If I’m going to resume writing here regularly, I’ll obviously be writing more and more about my cats. After all, they rule the house, right? Kris and I are merely here to serve them. Besides, they do plenty of silly things worthy of blog posts.
For example, all four cats — Toto, Simon, Nemo, and Max — are of the firm belief that while human-provided food is great, the best food is the food you provide yourself.
In some cases, this means food they’ve hunted. Simon, as long-time readers will recall, sometimes catches squirrels. (We just put a poor, dead, fat rodent in the trash last week — Kris found it in the rose garden.) Nemo is a fearsome bird hunter, and he especially likes catching baby birds. And Max? Well, Max is an expert and seeking out and destroying unopened bags of cat food.
Because Simon is on an expensive prescription diet for his urinary-tract infection, all of the cats are on the same diet. They all eat the same expensive food. I have to buy this expensive food at the vet, which never has it in stock — they have to special-order it for me. So, to save hassle, I order three bags at a time and then store them in the basement.
Max, the fearsome hunter, likes to venture into the basement whenever possible. His mission? To stalk the bags of unopened cat food, and to tear them apart. He enjoys the thrill of the hunt, and he especially enjoys the seemingly endless supply of food once he’s killed a bag. (Nemo enjoys this, too. In fact, he invented this game. Lately, though, he lets Max do the killing.)
We do our best to keep Max away from the expensive cat-food bags, but it’s not always possible. And sometimes, we just forget.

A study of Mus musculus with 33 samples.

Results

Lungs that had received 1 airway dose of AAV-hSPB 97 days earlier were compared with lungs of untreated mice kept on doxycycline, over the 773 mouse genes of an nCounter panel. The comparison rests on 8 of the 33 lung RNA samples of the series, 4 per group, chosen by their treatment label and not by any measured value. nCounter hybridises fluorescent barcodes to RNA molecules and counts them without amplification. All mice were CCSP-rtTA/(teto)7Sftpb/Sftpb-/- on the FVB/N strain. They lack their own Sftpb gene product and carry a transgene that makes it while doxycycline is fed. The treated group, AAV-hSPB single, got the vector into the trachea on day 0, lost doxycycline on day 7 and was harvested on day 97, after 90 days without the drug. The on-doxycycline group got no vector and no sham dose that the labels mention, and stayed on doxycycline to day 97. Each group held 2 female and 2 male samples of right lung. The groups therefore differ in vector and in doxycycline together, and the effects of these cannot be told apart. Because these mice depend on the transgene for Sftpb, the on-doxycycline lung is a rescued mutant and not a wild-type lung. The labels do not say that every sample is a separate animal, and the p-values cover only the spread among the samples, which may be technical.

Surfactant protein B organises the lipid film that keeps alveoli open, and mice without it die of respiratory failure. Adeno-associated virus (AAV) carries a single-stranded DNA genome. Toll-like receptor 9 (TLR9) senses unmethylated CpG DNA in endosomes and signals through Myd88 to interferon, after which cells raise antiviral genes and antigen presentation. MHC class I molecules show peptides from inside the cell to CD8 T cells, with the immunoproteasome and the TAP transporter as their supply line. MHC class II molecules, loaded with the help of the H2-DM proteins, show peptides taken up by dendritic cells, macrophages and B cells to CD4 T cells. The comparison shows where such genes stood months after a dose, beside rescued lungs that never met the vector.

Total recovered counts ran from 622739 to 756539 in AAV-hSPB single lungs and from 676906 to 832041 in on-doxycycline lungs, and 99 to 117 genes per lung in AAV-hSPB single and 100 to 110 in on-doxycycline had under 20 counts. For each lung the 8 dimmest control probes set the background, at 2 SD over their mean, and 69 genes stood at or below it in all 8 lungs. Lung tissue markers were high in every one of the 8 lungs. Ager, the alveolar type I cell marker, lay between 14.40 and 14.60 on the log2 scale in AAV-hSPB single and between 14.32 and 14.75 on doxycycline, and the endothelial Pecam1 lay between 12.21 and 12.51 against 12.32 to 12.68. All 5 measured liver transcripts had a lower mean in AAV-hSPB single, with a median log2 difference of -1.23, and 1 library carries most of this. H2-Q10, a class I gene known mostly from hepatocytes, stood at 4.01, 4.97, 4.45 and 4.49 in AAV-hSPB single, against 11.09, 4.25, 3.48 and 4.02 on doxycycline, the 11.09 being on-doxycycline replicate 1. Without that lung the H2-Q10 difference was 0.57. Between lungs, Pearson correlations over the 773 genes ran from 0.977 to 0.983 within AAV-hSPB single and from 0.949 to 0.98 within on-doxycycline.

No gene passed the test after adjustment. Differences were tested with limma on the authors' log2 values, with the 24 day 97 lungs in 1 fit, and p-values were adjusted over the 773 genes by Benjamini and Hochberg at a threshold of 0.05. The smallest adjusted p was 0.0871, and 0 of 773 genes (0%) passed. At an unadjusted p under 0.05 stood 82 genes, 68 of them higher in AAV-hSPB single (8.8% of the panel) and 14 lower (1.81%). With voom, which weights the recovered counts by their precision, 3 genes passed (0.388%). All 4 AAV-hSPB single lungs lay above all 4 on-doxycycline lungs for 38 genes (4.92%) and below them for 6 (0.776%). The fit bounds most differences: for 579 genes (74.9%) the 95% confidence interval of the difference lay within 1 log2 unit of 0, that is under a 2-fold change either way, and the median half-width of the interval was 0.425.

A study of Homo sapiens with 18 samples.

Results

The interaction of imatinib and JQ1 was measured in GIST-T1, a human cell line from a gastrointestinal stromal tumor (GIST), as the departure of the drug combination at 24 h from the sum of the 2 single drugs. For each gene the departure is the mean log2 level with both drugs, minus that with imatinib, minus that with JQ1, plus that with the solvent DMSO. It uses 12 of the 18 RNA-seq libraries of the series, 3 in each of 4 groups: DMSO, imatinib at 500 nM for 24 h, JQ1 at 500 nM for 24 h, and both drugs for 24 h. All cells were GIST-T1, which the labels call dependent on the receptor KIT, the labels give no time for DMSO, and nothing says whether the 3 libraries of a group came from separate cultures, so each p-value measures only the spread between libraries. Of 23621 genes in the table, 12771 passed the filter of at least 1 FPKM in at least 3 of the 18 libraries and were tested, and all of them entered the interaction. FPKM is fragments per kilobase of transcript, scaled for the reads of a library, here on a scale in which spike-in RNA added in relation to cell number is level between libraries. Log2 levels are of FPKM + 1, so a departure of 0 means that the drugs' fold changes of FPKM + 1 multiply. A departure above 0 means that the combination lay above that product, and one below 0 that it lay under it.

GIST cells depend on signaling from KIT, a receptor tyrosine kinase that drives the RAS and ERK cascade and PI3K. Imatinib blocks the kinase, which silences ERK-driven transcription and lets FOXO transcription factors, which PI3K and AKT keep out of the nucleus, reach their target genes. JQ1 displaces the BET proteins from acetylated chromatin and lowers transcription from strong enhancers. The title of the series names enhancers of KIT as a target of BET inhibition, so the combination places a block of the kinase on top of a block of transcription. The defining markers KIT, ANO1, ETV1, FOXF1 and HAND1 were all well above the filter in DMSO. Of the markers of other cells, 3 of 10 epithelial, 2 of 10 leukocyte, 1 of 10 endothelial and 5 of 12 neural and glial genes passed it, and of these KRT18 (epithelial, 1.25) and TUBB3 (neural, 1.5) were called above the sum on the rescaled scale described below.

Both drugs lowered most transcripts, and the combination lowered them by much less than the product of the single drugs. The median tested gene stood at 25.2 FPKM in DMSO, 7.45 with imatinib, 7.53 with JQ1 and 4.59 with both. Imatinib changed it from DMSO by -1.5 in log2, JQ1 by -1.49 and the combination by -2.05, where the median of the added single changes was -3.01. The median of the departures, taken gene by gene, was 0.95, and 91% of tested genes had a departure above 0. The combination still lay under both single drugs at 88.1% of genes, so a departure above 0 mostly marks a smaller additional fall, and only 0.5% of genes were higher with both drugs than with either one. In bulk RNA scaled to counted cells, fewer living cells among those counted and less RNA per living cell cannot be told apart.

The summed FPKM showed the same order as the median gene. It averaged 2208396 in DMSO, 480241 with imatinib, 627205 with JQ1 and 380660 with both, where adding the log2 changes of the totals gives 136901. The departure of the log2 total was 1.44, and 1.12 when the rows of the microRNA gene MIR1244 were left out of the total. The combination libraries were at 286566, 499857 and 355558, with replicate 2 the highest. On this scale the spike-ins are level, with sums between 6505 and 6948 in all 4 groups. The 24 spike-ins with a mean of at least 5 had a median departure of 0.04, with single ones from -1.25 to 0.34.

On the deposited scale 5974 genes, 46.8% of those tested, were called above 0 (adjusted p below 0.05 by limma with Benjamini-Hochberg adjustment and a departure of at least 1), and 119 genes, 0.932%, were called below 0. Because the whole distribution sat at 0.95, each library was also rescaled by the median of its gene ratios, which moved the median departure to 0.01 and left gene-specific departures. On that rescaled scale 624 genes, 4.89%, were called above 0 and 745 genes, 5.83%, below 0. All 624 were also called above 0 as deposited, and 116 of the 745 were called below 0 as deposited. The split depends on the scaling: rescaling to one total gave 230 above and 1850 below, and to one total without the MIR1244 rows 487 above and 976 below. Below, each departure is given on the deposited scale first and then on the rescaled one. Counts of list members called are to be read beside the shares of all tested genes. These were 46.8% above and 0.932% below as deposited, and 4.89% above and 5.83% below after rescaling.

This morning, I woke early and came downstairs in the dark. I opened the door for the Cat Swap. The Cat Swap occurs when Toto comes in from her nightly exile (since she started peeing outside the litterbox, she’s banished to a heating pad on the porch every night), and one or more of her brothers bolts to the freedom of Outside.
After the Cat Swap, Toto usually begins crying for food. Her bowl under the kitchen table is empty because Max has eaten it all during the night. (Max has no off switch. He will eat and eat and eat until there’s no food left.) But this morning was strangely different.
While I spent a few minutes in the bathroom, Toto was silent. There was no yowling, no insistent begging. Instead, I could actually hear her crunching on food. “That’s strange,” I thought. “Why didn’t Max eat it all overnight?” When I came out into the kitchen, I saw.
Toto is perturbed at being disturbed from her breakfast buffet.
Max had indeed made his best effort to eat all of the food overnight. But it wasn’t the food in the bowl he’d been consuming. Instead, he’d torn open the cat-food bag I brought home yesterday (and foolishly left in the kitchen). All night long, he’d been feasting from the bag, enjoying the fruits of self-sufficiency. And now, Toto and Simon were contentedly following in his pawsteps: They were crunching away from the never-ending fount of food pouring from the bag.
“Dad,” they seemed to say. “This is a fantastic idea. Can this be a regular thing?” Nothing seems better to a cat than an entire bag of cat food, just sitting there, ready to be eaten.